Wednesday, November 17, 2010

Coo Coo for Cou Cou!

One of my closest friends lives in Barbados. I know very little about the Caribbean, so when we first met, she'd tell me all about their culture and (more importantly) food. She told me about her national dish, cou cou with flying fish, many times, but I just couldn't get a mental picture of it until I made it myself while testing for Caribbean Vegan. Please note this is one of the few recipes in the book that works better with special equipment: a cou cou stick. I got mine when I visited my friend in Barbados, but if you can't find one anywhere, you can also use a big wooden spoon.


Today's plant: Nori
Used in: Cou Cou and Tofish from Caribbean Vegan

 I'm so sorry that photo is so ugly. There's a GORGEOUS picture of this dish in the book, but I just can't help making it look like crap. Sorry.

Nori is the Japanese name for various edible seaweed species of thered alga Porphyra including most notably P. yezoensis and P. tenera, sometimes called laver. Finished products are made by a shredding and rack-drying process that resembles papermaking. Japan, Korea, and China are the current major producers of nori, with total production valued at up to US$2 billion per year.

Fascinating!

There are four elements to this recipe: tofish, cou cou, Creole sauce and basil cilantro butter sauce. So it's daunting, it's fiddly and it's a  lot of steps, but it's not really difficult. And it's totally worth it.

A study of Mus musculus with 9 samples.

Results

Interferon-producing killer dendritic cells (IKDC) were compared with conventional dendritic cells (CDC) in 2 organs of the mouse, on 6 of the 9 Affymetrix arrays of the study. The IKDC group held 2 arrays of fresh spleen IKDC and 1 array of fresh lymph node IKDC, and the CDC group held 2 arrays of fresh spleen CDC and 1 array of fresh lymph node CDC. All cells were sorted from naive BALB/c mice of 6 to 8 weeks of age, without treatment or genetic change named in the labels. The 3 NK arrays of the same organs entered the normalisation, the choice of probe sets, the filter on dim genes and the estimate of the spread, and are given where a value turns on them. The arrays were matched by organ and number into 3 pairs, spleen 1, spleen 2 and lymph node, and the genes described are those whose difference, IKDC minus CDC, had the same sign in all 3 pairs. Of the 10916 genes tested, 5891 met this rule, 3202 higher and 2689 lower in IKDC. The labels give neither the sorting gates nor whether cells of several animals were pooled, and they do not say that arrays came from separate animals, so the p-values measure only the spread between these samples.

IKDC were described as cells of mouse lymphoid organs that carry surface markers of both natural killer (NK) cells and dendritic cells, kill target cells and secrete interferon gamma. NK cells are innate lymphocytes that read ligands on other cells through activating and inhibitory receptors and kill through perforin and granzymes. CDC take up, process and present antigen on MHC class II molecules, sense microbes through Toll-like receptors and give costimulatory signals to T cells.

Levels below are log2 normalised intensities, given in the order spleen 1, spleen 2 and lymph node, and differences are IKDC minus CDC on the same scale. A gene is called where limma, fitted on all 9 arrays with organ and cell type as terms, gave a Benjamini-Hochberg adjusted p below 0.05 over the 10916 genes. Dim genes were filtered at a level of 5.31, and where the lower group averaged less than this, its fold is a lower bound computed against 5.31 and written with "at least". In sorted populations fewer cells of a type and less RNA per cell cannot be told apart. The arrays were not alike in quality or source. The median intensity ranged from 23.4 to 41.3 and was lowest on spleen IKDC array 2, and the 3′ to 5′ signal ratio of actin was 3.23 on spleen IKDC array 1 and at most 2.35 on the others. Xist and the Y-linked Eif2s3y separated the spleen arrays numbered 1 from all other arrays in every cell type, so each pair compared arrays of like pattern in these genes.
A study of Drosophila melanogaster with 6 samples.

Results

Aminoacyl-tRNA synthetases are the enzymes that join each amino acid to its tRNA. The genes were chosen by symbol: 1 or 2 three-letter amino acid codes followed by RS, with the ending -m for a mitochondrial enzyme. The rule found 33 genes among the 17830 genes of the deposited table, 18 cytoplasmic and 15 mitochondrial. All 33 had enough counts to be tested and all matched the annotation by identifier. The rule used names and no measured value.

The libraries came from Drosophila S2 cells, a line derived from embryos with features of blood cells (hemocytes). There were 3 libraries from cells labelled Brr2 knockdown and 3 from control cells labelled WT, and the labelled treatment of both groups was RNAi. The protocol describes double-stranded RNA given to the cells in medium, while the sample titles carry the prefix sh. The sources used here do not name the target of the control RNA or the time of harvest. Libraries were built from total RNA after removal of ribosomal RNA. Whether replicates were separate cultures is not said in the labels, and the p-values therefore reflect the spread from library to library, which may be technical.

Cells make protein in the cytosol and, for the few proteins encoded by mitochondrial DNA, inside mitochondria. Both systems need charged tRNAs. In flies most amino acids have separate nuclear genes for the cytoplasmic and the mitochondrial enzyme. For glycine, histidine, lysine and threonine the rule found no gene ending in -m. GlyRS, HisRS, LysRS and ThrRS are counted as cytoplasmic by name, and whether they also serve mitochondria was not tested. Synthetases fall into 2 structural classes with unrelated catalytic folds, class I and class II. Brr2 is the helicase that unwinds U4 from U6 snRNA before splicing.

The cou cou is mostly made out of fine corn meal with okra, so it's nice and sticky. It's comforting like mashed potatoes, without being mashed potatoes. The Creole sauce has a bit of a kick, which the basil cilantro butter sauce that the tofish is pan fried in provides a cooling contrast. The tofish itself is well-flavored with the nori and the rest of the spices and ends up with a really nice, crisp skin when it's all done. I can totally see why this is Barbados' national dish. It's delightful.

Depressing ocean fact of the day: sea turtles and other supposedly marine life in the Caribbean are nearing extinction due to poaching. Sea turtles are hunted for their meat and shells. Other species at risk are the queen conch (meat, shells and pearls) and coral (probably for tourist souvenirs).

2 comments:

Jeni Treehugger said...

Oooh that looks astoundingly good!

Mandee said...

Don't apologise for your photo, it looks so good to me! I really want to try this meal, I'm not keen on the idea of fishy-flavoured food but I'm going to have a go anyway!